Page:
A Day in the Life of a Freelance String Quartet

July 20, 2017, 10:34 AM · Many people seem interested in the unvarnished, day-to-day lives of Classical musicians lately (note that Mozart in the Jungle was just recently approved for a fourth season), and that's what inspired me to write the music for an album that depicts A Day in the Life of a Freelance String Quartet.

Beginning before any of our quartet members has awakened, there is the Series of Nightmares After a (the previous) Day of Gigs including traditional gig fare such as Pachelbel's Canon (which in the minor key sounds like the opening of Mahler #1), Handel's Hornpipe from the Water Music, Bach's Jesu Joy of Man's Desiring, and Massenet's Meditation from Thais, as well as remnants from the previous day's bar mitzvah and subsequent party, all of which conspire at the end to crash a cocktail party.

quartet

The conscious day starts with playing one funeral and ends with playing another. In between are two in-school demonstrations with one four-movement piece that introduces each performer with his/her own movement and cadenza (of course to show off the instruments as well) and another one which acquaints the school audience with the different eras of western concert music from the Renaissance to the 20th Century. And since the Wistaria String Quartet and I are based in Hampshire County, Mass., there's even a piece about driving across the county from gig to gig. The album ends with the quartet enjoying a well-deserved and Well-Tempered Beer at the local pub.

Many thanks to the Wistaria String Quartet for doing an excellent job with the music! They were really great to work with. They give a lot of premiere performances of new music, and over the next months they'll be playing some of this music on their concerts (the majority of which was written for them.)

While writing this album, violist and friend Bernie Zaslav (1926-2016) found he was terminally ill. Bernie had a long and distinguished career in all areas of our Classical Music World, beginning in the Cleveland Orchestra under Szell, and ranging from playing the premieres of well-known Broadway shows to a long collaboration with his wife, the excellent pianist Naomi Zaslav, enriching the repertoire available for viola and piano. But Bernie spent most of his career playing string quartets. He was a member of (in alphabetical order) the Carnegie Quartet, the Composers Quartet, the Fine Arts String Quartet, the Kohon String Quartet, the Stanford String Quartet, and the Vermeer String Quartet. I was able to let him know that I would be dedicating this album of quartets to him, the idea of which he liked. With his interest in quartets and great sense of humor, I hope he would have enjoyed the resulting album as well.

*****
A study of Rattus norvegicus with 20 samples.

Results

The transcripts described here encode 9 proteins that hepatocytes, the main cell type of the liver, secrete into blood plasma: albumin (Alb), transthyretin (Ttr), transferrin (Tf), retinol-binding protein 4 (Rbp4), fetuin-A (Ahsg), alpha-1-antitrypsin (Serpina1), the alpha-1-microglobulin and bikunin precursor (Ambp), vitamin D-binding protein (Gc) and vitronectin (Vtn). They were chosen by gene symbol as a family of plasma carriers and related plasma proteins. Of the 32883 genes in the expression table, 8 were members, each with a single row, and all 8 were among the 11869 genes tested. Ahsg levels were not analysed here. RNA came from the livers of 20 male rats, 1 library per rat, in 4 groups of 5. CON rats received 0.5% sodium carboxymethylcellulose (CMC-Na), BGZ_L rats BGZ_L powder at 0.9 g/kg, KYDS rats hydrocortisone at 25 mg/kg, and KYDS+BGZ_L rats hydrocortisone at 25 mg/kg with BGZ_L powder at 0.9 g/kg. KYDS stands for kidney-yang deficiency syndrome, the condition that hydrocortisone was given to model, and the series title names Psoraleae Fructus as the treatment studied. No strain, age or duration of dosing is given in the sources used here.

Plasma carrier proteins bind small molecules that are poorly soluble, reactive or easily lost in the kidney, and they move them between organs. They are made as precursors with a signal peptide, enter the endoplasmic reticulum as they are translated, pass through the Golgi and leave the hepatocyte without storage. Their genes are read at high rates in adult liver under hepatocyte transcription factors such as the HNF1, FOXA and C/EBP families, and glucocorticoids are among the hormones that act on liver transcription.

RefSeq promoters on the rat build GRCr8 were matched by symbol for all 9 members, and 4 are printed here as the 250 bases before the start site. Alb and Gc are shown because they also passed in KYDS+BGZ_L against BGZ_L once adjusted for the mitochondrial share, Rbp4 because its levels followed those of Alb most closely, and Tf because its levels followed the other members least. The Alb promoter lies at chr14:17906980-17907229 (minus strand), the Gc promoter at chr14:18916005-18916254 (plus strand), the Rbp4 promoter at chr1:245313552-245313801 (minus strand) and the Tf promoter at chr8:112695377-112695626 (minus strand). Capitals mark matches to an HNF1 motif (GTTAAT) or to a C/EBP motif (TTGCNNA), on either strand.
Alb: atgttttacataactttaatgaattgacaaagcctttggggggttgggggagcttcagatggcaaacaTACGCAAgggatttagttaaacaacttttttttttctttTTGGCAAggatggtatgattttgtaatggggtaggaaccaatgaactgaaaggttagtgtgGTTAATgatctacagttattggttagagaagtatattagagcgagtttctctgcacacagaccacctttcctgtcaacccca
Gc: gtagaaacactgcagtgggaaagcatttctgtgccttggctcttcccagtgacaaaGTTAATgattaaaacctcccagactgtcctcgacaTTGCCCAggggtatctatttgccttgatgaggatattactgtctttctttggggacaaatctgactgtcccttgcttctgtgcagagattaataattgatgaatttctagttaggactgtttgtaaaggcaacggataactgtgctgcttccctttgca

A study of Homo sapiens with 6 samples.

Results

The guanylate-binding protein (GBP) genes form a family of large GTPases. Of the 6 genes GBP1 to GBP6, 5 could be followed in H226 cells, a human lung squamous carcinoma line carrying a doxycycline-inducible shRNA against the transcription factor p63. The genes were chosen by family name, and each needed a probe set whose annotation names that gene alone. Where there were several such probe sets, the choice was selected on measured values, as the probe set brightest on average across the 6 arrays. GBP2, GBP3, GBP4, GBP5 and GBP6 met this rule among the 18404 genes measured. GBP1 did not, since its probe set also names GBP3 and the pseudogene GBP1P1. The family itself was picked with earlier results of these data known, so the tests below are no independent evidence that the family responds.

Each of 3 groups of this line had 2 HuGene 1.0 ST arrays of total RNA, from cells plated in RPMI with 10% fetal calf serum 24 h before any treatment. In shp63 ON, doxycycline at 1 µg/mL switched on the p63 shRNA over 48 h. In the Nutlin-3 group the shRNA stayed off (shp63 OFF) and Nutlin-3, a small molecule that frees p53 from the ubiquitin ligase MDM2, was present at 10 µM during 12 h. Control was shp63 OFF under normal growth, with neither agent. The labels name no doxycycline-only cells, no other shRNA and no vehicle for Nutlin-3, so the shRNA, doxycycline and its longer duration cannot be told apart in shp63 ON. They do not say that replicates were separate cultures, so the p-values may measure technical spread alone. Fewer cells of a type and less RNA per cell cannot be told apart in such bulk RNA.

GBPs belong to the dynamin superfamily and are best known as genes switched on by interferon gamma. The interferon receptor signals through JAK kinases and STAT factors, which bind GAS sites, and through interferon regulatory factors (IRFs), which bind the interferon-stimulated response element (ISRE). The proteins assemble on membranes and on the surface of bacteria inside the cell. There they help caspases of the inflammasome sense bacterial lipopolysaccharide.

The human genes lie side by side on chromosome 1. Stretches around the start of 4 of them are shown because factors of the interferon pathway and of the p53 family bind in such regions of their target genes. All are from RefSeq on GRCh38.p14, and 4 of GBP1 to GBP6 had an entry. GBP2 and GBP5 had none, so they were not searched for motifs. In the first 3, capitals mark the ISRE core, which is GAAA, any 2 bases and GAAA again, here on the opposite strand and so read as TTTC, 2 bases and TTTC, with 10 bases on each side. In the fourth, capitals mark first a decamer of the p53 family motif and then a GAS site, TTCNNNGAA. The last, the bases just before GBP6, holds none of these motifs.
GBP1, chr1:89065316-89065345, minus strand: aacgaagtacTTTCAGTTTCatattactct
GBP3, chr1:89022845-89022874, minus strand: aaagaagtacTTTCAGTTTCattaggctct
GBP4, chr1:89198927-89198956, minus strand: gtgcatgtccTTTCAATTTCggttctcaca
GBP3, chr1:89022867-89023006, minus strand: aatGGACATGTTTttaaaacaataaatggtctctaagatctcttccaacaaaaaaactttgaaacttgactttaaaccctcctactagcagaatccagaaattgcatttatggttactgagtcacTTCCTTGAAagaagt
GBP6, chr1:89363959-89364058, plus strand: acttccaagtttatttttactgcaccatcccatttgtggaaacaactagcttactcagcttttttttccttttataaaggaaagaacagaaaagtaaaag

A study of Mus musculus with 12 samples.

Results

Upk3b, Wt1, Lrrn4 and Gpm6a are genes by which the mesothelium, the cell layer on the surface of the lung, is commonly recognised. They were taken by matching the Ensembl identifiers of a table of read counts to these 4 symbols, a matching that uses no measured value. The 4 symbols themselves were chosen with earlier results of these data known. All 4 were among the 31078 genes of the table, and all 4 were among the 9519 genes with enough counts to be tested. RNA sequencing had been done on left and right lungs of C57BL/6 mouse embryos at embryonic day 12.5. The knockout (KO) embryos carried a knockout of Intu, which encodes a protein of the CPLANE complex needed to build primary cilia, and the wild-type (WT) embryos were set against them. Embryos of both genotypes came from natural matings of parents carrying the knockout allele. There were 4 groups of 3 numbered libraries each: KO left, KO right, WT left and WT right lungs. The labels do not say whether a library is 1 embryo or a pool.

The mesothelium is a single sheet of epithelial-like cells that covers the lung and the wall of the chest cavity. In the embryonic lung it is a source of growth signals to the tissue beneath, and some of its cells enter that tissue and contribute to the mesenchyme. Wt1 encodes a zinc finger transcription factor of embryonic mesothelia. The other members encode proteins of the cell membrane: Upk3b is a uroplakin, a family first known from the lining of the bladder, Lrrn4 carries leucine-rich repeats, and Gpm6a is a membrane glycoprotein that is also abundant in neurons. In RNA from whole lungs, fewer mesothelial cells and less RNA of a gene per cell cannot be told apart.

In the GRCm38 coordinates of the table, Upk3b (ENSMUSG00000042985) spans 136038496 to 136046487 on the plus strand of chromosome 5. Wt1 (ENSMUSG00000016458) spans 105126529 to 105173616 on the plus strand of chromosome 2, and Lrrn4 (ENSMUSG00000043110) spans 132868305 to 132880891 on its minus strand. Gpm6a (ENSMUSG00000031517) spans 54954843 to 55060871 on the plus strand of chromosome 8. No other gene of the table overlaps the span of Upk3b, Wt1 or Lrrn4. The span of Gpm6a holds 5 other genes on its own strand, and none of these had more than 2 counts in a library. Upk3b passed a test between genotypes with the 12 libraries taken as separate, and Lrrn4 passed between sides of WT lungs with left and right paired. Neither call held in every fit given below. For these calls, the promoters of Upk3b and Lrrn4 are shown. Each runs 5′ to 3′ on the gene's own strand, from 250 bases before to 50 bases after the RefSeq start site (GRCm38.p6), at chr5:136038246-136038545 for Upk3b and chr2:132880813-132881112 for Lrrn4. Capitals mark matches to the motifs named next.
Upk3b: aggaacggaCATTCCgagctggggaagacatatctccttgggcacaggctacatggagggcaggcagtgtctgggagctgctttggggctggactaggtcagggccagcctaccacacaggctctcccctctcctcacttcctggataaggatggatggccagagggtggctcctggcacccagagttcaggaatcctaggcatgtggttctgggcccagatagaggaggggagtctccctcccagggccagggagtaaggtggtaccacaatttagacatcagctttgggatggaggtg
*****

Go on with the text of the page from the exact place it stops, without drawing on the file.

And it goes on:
As I hope you might! Here are a few links:

This is a link to the album itself at CDBaby

This is a link to the sheet music at Violacentric Publications

Replies

July 21, 2017 at 06:16 AM · Thanks for that article Scott. Given those long lines of tenuous connections that musicians seem to love so much (6 degrees of separation aint got nuthin' on us), and having both your Bach Sonatas and Partitas CD and the Zaslavs' Viola Sonatas CD, I'll have to add the Wistaria String Quartet's CD to my wish list. Besides, string quartets are probably my favourite musical form.

Neil

July 21, 2017 at 05:49 PM · Thanks, Neil, I hope you enjoy the album! It was fun to write, having grown up playing a lot of such gigs. I tried to make most of the music functional--- while I realize that not too many quartets will have much use to play the first and last pieces (about nightmares and beer!), all the ones in the middle are fairly serious and would work quite well as they are used on the album, as in-school demonstrations or music to play at a funeral, etc. Thanks for listening!

July 25, 2017 at 02:02 AM · I don't think Mahler #1 was meant to evoke a funeral: Whilst Frère Jacques is in the major key, my father told me that traditionally Bruder Martin (presumably as sung in Austria and Bohemia where he grew up) is in the minor key. And then, the second subject sounds suspiciously like "Come to the Cookhouse Door, Boys".

So it may really, genuinely only be about getting up in the morning.